You have to eat spaghetti with a fork, right? Not in Ethiopia. There, you do battle with all those pasta strands and sauce by hand—though with some help from injera, the nation’s favorite spongy, pancake-like bread.
Ethiopians often eat injera with each meal, using it with a dizzying array of meats, sauces, and spices. Due to the country’s brief occupation by Italy in the 1930s, one version of an injera meal comprises a giant dollop of spaghetti Bolognese (sometimes with a bit of the fiery spice blend berbere mixed into the sauce) in the center of your pancake. You then tear strips of injera and clasp them between your fingers to gather—or at least try to—strands of pasta escaping everywhere.
For visitors, the slightly bitter, fermented flavor of injera can be an acquired taste. But to Ethiopians, injera is essential, both at home and abroad. (Demand is so high in Washington, D.C.—which has the United States’ highest proportion of Ethiopian immigrants—that Ethiopian Airlines flies in shipments of injera from the motherland daily.)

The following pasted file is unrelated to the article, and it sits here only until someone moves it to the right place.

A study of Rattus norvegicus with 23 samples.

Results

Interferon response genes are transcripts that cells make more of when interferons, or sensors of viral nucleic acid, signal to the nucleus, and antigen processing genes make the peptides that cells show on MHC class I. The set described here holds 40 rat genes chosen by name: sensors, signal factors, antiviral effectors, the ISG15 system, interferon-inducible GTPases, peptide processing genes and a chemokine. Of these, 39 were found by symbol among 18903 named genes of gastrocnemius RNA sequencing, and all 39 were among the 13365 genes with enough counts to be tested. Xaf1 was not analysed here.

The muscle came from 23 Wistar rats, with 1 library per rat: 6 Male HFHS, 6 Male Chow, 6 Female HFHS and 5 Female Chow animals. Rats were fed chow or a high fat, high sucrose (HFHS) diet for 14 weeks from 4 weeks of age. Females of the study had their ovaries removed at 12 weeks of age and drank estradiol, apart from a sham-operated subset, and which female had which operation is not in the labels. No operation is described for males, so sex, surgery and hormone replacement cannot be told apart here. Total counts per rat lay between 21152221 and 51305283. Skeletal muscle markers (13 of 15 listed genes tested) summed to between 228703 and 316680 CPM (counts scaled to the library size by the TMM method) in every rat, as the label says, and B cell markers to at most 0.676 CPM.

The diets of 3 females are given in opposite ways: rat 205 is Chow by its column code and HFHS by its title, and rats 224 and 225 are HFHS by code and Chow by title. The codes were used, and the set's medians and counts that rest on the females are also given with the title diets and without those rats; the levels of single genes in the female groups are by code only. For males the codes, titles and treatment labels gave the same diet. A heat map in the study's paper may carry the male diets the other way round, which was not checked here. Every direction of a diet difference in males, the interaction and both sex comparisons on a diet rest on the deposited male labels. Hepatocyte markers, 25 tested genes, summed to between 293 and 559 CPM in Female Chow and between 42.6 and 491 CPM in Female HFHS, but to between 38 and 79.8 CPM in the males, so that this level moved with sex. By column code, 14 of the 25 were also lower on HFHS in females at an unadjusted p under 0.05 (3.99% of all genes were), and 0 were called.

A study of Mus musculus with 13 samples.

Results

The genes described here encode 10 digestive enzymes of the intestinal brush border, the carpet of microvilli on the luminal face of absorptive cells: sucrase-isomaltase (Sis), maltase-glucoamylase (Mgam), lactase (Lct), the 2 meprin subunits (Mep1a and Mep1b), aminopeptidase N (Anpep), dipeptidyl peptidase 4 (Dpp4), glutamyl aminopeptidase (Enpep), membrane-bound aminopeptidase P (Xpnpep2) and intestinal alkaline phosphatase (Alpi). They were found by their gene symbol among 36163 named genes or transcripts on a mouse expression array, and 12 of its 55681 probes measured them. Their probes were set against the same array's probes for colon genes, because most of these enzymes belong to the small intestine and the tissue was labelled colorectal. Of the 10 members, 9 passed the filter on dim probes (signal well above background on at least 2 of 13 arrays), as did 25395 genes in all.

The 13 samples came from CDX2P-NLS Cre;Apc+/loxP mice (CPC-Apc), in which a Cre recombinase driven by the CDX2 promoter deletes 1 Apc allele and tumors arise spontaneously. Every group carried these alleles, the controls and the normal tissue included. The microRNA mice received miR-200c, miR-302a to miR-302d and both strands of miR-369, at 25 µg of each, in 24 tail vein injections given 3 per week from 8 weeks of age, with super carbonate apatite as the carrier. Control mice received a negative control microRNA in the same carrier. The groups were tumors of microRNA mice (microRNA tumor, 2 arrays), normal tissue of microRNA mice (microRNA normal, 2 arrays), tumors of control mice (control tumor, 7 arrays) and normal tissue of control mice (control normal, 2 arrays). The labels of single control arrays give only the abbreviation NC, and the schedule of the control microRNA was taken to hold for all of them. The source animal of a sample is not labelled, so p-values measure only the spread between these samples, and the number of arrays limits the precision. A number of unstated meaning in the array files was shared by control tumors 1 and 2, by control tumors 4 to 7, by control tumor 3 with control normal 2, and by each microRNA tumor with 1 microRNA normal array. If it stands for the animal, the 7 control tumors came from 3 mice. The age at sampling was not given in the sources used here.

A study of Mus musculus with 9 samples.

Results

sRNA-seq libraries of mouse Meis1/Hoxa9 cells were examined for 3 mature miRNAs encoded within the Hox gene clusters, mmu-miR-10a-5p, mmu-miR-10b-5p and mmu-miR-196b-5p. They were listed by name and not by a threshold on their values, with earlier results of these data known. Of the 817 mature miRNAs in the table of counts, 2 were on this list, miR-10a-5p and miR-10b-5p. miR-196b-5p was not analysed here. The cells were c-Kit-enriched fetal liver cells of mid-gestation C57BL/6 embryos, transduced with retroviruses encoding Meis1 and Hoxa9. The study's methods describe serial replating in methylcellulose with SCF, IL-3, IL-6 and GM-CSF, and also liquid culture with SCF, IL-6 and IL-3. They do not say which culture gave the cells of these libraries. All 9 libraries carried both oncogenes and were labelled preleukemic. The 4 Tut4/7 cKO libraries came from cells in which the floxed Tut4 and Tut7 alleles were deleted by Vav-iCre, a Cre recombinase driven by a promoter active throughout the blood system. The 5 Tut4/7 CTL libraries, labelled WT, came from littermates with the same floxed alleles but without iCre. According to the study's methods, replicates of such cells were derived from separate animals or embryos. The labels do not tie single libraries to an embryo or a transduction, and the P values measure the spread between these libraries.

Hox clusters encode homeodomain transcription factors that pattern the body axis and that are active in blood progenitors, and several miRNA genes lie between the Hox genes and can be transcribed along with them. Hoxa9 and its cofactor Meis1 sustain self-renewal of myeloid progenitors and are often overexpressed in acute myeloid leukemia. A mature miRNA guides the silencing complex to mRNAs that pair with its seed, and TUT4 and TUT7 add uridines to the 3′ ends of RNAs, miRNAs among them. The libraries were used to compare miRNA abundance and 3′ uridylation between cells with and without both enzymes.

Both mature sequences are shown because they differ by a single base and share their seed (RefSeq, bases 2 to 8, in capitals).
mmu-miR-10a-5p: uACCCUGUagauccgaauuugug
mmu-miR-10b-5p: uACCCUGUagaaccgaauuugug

An injera meal can be messy for the unpracticed—especially the spaghetti option—and at the end of your meal, it often looks like you’ve dipped your hand into a pot of red or yellow paint. But it’s a small price to pay for a healthy meal: The tiny teff seed from which injera is made is regarded as a new super-grain, akin to quinoa and spelt, due to its high number of nutrients and being naturally gluten-free.
Need to Know
A common practice when eating injera with Ethiopians is "gursha," whereby someone, as an act of friendship, pops a blob of injera-enwrapped food in another person’s mouth. Ethiopians will often also do this if they see you struggling with your injera. Simply open your mouth like a newly-hatched chick to receive the incoming injera. Repeat if the hand comes back with more gursha—as it usually does.